Elemental Voices

  • Susan McMaster (Editor)
    Pith & Wry: Canadian Poetry. Your Scrivener Press
  • Todd Swift (Editor) and Evan Jones (Editor)
    Modern Canadian Poets. Carcanet Press
Reviewed by Robert Lecker

I like to think of poetry anthologies as narratives. They are not only collections of specific poems, but also structured and plotted expressions of their editors’ desire to define a place, to locate a community, to establish boundaries that will keep their highly selective worlds defensible and safe. From this perspective, it makes little sense to complain about what an anthologist left out or put in, since what we are reading is a story with its own tensions, patterns, and archetypes. The heroes are the poems; they are who they are.

Evan Jones and Todd Swift (both Canadians now living in Britain) edited Modern Canadian Poets with British readers in mind. For them, international audiences have overlooked Canadian poetry, mainly because “Canada has no national poet who is also internationally renowned.” Writers such as Margaret Atwood, Leonard Cohen, or Michael Ondaatje don’t figure here because Jones and Swift are promoting a deliberately modernist aesthetic. As editors, they want to contradict what they see as “a long-standing Canadian cultural myth that to be a Canadian poet is to be part of the country’s geography, whereas elsewhere to be a poet is to be part of poetry’s history.”

If this sounds close to the arguments made by A. J. M. Smith in his introduction to the groundbreaking The Book of Canadian Poetry anthology (originally published in 1943), that’s because it is. Smith favoured the “cosmopolitan” tradition over the “native.” Jones and Swift similarly support a “wider cosmopolitan tradition” that “seeks open and free trade with the tradition of high modernism and its heirs.” Although they claim a “spirit of openness,” they are in fact no more open than other anthology editors: this is their world and it is off-limits to many of the figures one might associate with recent Canadian poetry. No poets born after 1962 are included, which means the youngest poet in the volume is David McGimpsey. If British readers want to find out more about poets born after that date, or many of the names usually associated with modern and contemporary Canadian poetry, the editors suggest they should put aside their curiosity because “readers need first to visit the grounds out of which the best new work springs: the tradition of Canadian modernism.”

I could make a list of all my favourite Canadian poets who are excluded from this volume because of the editors’ high modernist interests. But they have defined the story they want to tell, and they have every right to do so. There is no rule saying that editors have to be democratic or representative in their choices. And, given those choices, I like what they have done. I don’t even have to be British to appreciate it!

The anthology brings together thirty-five poets, many of whom do not figure prominently in English-Canadian poetry anthologies. There are strong voices here: Joan Murray, Richard Outram, Robert Allen, and Mary Dalton, to name a few. The book opens with some of W. W. E. Ross’s stark Imagist poems; they give the narrative a sharp, naked start. Ross is so clean, so inviting. We want to enter this story. With him, we are under water, drifting, looking up at shimmering moonlight. Jones and Swift are attracted to depth, height, light, and rivers. Alfred Bailey (nice to see him here) writes that “Blue is my sky peter / and white my frayed gull.” His speaker in “The Unreturning” is “Drugged by water and wind / into the dream of the water’s vertical eye.” A. M. Klein’s magical missing writer in “Portrait of the Poet as Landscape” has “climbed / another planet, the better to look / with single camera view upon the earth” (the editors say that in making their selections “we sought poets within the Canadian tradition who follow similar paths and aspire to those Kleinian standards”). With Anne Wilkinson, the editors continue their narrative of sky, earth, sun, and sea. Her self-reflexive poems in the collection present us with metaphysical journeys into elemental worlds. And so the voyage continues to a powerful conclusion. Modern Canadian Poets ends with David McGimpsey’s magnificent “In Memoriam: A. H. Jr.,” which is worth the price of admission in itself.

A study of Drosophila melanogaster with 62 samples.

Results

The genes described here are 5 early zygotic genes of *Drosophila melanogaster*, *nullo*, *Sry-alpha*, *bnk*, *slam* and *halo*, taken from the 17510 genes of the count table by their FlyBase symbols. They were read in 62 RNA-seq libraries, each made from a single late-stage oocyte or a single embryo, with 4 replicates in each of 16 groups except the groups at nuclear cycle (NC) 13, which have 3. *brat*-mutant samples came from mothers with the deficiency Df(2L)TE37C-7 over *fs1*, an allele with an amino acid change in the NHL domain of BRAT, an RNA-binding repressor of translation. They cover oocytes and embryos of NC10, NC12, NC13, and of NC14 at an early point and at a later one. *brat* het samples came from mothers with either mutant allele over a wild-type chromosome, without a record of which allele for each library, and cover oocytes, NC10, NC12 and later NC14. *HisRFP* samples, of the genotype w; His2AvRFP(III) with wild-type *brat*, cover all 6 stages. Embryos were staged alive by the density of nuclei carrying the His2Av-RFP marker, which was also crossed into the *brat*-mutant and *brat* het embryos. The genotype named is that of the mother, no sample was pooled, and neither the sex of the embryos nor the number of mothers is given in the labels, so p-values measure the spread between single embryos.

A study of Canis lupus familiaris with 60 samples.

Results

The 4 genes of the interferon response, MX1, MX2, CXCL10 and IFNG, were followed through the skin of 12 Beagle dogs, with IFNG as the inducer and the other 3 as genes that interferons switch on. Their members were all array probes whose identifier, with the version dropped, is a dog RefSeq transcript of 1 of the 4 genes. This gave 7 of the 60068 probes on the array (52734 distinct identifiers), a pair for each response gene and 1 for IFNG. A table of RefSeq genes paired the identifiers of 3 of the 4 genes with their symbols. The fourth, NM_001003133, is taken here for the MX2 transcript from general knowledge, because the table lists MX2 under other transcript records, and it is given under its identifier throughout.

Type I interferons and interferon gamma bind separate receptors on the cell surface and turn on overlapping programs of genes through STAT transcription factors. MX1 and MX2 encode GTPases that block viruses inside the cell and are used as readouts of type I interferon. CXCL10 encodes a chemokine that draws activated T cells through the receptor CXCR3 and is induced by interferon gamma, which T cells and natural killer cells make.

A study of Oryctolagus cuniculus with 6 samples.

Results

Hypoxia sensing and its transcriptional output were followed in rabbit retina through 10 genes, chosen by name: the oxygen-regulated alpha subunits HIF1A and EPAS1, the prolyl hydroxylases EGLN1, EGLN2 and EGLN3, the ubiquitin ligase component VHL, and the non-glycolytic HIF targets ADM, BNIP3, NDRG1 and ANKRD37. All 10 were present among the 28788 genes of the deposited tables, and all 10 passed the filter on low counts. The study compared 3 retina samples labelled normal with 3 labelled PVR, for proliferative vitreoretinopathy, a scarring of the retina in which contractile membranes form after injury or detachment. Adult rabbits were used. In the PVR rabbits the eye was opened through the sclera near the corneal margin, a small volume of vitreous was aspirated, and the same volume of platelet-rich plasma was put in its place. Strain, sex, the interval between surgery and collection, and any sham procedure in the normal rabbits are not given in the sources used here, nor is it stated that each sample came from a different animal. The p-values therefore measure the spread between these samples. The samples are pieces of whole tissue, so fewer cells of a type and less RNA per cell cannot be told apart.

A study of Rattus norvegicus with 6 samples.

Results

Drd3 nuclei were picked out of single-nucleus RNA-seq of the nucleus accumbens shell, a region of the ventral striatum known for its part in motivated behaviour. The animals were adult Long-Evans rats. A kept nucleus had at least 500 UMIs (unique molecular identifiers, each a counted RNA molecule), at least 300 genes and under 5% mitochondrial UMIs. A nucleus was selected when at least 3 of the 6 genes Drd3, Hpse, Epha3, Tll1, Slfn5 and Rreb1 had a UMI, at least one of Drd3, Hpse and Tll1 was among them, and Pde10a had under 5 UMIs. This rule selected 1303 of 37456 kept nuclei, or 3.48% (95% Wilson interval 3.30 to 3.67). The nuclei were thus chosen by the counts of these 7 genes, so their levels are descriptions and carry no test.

Susan McMaster’s Pith and Wry is a much happier collection than Modern Canadian Poets, perhaps because the editor has no worries about the reputation of Canadian writers abroad. For her, “our poetry is read and honoured at home and around the globe.” It embraces “several thousand practitioners in all styles and delivery methods” and our authors “draw standing room only audiences and win international awards.” This is a poetic utopia and the anthology is here to celebrate it. McMaster brings together forty-five poets in 158 pages, which means that we don’t get much exposure to any single poet; the range of subject matter and the quality of the material is diverse. In contrast, Jones and Swift are more severe and exclusive in their choices. The poems in their anthology are demanding. McMaster’s celebration is less consistent and elitist, but there are several fine writers here, and many I met in these pages for the first time. Do these two anthologies have anything in common? Yes. Out of the eighty poets included in both collections, the three editors manage to agree on a single choice: Mary Dalton. In the world of anthology making, radical consensus is always revealing.

This review “Elemental Voices” originally appeared in Canadian Literature 214 (Autumn 2012): 167-68.